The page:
Muslim Times(Web Desk) – Jordan has warned that a severe cash crisis facing the UN agency for Palestinian refugees could have a “catastrophic” impact on the lives of millions of Palestinian refugees in the region.

Following talks with the visiting UN Relief and Works Agency (UNRWA) Commissioner-General Pierre Krahenbuhl on Wednesday, Jordanian Foreign Minister Ayman Safadi said the financial shortfall facing the UN agency could deprive refugees of core education, healthcare and food security service.

Such a situation would only “deepen their humanitarian plight,” he said.

“UNRWA faces a dangerous financial deficit that threatens catastrophic consequences on refugees if it is not covered before its financial allocations run out,” Safadi was quoted as saying in a Foreign Ministry statement.

UNRWA has faced a financial shortfall since the United States, traditionally the largest donor to UNRWA, cut its annual grant from $360 million to just $60 million.

The funding crisis came in January after US President Donald Trump claimed that the Palestinian Authority was no longer willing to engage in the so-called peace talks with Israel.

The US-Palestine ties deteriorated last December, when Washington recognized Jerusalem al-Quds as the “capital” of Israel and announced plans to transfer the embassy from Tel Aviv to Jerusalem al-Quds.

The contentious move led President Mahmoud Abbas to formally declare that Palestinians would no longer accept the US as a mediator to resolve the conflict because Washington was “completely biased” towards Tel Aviv.

The US embassy relocation took place on May 14, the eve of the 70th anniversary of Nakba Day (the Day of Catastrophe), sparking deadly clashes in Gaza.

According to UNRWA, over 1.5 million Palestinians – almost a third of the registered Palestinian refugees – live in 58 recognized refugee camps in Jordan, Lebanon, Syria, the besieged Gaza Strip and West Bank.

UNRWA is tasked with providing assistance and protection to a population of some five million registered Palestine refugees.

According to UN officials, the reduction in UNRWA’s funding could even affect the opening of schools at the start of the next academic year.

The Jordanian foreign minister further said that his country, which hosts the largest number of Palestinian refugees in the Middle East outside Palestinian territories, was engaged in intensive lobbying with donors.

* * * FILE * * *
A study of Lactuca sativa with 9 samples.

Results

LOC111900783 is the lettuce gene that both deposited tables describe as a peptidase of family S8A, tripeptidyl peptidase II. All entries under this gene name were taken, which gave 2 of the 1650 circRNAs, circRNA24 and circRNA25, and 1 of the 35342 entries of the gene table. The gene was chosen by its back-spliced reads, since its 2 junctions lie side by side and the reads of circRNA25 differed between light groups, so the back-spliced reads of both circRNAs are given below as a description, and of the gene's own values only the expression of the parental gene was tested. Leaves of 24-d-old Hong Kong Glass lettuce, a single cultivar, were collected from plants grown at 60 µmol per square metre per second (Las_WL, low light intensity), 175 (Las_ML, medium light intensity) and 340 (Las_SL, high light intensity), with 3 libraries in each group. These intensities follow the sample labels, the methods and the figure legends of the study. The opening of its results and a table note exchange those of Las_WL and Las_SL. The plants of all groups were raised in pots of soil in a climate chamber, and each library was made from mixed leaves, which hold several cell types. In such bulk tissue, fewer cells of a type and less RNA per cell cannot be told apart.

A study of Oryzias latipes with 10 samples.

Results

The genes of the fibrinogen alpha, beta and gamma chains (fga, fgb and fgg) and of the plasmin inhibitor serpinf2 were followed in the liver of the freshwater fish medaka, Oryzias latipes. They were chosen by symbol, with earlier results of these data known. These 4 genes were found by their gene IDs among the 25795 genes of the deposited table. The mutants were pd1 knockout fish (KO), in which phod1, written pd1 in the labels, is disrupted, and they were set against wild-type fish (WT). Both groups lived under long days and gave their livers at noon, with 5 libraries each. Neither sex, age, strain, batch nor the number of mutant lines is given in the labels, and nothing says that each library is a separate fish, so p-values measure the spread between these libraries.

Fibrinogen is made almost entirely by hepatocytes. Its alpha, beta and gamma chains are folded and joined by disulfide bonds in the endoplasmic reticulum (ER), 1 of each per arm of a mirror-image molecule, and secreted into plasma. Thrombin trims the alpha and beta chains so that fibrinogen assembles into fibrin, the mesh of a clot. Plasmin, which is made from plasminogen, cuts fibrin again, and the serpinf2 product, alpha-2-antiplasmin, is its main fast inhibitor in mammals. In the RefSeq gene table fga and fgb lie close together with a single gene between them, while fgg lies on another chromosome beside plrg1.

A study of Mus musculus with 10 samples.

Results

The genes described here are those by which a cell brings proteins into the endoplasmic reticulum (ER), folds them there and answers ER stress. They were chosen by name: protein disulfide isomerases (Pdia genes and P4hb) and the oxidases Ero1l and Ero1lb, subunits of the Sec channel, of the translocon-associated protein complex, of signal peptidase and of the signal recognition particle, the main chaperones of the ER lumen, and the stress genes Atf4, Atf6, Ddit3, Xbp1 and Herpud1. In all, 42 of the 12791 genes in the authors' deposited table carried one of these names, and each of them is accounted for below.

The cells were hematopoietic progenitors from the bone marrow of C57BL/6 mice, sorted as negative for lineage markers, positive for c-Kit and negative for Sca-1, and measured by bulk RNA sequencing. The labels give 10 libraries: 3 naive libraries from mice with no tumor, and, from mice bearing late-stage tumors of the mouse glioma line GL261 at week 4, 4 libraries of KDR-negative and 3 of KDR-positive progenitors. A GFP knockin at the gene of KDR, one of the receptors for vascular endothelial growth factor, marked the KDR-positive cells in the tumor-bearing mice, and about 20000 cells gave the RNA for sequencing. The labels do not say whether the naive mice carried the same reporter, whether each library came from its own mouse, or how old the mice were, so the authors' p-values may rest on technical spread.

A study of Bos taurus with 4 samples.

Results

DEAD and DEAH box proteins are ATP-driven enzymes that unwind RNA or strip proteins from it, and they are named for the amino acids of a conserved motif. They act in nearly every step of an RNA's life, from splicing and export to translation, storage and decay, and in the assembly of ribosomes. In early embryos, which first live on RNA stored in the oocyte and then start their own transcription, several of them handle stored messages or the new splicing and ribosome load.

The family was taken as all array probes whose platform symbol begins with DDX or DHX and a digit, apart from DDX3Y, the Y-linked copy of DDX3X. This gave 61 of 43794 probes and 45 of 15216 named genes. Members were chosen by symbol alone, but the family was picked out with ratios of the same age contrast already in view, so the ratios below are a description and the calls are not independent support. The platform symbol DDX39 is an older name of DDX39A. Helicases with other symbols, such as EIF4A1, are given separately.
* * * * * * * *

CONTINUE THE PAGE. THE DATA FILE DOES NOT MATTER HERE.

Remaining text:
“Jordan warns of the danger of touching the role of the UNRWA that should continue to provide its services under its international mandate,” the foreign ministry statement said.

Safadi called on the international community to shoulder its political and moral responsibilities towards Palestinian refugees under UN Security Council resolutions that maintain their right of return and compensation.

Meanwhile, workers at UNRWA in Gaza on Wednesday expressed outrage over a decision by the agency to lay off hundreds of its employees, seizing partial control of the headquarters of the agency.

Matthias Schmale, the head of UNRWA Operations in Gaza said the workers, who accused their union of “mutiny” over job cuts, “have taken over the compound where my office and other offices are.”

Schmale said the UNRWA does not have full control over the site in Gaza City, and that he has not been able to reach his own office for more than two weeks.

“I am the captain of the ship which has 13,000 sailors on it and they have basically thrown me off the bridge and consigned me to my captain’s quarters,” he told AFP, referring to the number of staff in Gaza.

UNRWA announced last month it had been forced to lay off more than 250 staff in the besieged Gaza Strip and the occupied West Bank after the US slashed funding to the agency. The redundancies have sparked daily protests by the agency’s labor union in the coastal enclave.

UNRWA’s labor union is expected to hold a general strike in the coming days unless a deal is reached.